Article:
04 Jul 2014 Client showcase: Perfection in all things nuclear and editing
It seems like only last year that a small core of associates at Talk Science to Me experienced our Adventures in Ottawa (see entertaining blog by Talk Science mastermind, Eve Rickert). Oh, wait. It was only a year ago. Having edited literally thousands of their pages since our seminal meeting with the Canadian Nuclear Safety Commission, my (our) relationship with the CNSC seems like it’s lasted a lifetime. I mean that in a good way.
In case you’re wondering, the CNSC is the federal governmental body that “regulates the use of [Canadian] nuclear energy and materials to protect health, safety, security and the environment, and to implement Canada’s international commitments on the peaceful use of nuclear energy; and to disseminate objective scientific, technical and regulatory information to the public.” And I am the senior editor for Talk Science since its founding three years ago—and the Minnesotan mentioned in Eve’s Ottawa article.
But enough about me. Recently, several CNSC reports reached an editorial juncture regarding their eventual disclosure of information to the Canadian public. Before these highly visible, essential documents connect with the general population, they must go under the scrutinizing lens of Talk Science to Me eyeballs—and this season, the eyeballs once again belong to me. Claire Eamer, project lead this past year and who is also featured in the Ottawa blog, has been the other major set of eyeballs. And a huge round of applause goes to Roma Ilnyckyj, who lent Eyeballs #5 and 6 to the latest report, the annual CNSC Staff Integrated Safety Assessment of Canadian Nuclear Power Plants for 2013.
The editing we perform for the CNSC entails, well, absolute perfection, in keeping with the exacting standards required by all the CNSC’s work. Thus, I strive for—and I believe I achieve—perfection when editing a CNSC document. Of course my plan, along with that of each editor at Talk Science, is to strive for perfection in every small paper and every mammoth project.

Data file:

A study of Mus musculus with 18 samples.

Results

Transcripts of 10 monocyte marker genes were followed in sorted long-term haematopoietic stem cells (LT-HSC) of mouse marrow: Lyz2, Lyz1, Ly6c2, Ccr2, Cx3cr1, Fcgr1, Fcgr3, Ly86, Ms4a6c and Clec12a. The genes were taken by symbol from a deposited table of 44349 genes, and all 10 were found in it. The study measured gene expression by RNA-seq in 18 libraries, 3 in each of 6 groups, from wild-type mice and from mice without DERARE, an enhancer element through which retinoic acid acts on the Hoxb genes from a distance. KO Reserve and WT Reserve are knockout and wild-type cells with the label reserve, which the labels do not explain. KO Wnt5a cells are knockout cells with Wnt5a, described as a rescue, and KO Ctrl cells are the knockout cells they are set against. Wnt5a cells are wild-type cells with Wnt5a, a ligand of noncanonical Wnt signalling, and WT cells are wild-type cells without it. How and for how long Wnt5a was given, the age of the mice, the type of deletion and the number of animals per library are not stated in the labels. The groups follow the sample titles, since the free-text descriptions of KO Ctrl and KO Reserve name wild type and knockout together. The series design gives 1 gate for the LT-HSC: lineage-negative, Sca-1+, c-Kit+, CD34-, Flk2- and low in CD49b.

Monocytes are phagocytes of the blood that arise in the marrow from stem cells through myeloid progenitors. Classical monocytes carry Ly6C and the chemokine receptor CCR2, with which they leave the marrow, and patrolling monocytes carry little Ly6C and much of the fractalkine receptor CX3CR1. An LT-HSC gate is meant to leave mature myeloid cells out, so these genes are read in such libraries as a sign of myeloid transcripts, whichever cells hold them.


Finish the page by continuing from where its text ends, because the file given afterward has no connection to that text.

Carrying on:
But back to the CNSC. As I alluded to above, the CNSC is not only tasked with overseeing nuclear safety in Canada, but with conveying this information to the public in a simultaneously intelligent and accessible manner, an occasion to which its staff consistently rises. One of the dozen or so reports I’ve edited since Ottawa is The Science of Safety, a 30-page report geared so well to the public that I can’t imagine it could be topped in readability.
Other CNSC reports edited this late spring/early summer come with informative titles such as Evaluation of the Canadian Nuclear Safety Commission’s Contributions to the Organisation of Economic Co-operation and Development’s Nuclear Energy Agency, Evaluation of the Canadian Nuclear Safety Commission’s Class Grants and Contributions Program, and the pithy Audit of Import-Export Licensing. Each of these reports includes examinations of CNSC “responsibilities in conformance with regulations, Canadian policy and international obligations.” I enjoy being a part of the team that produces these masterpieces and I look forward to the continued work and teamwork!
Oh, and as for the annual report (the one I mentioned first) on the safety performance of Canada’s nuclear power plants? It found everything to be quite safe.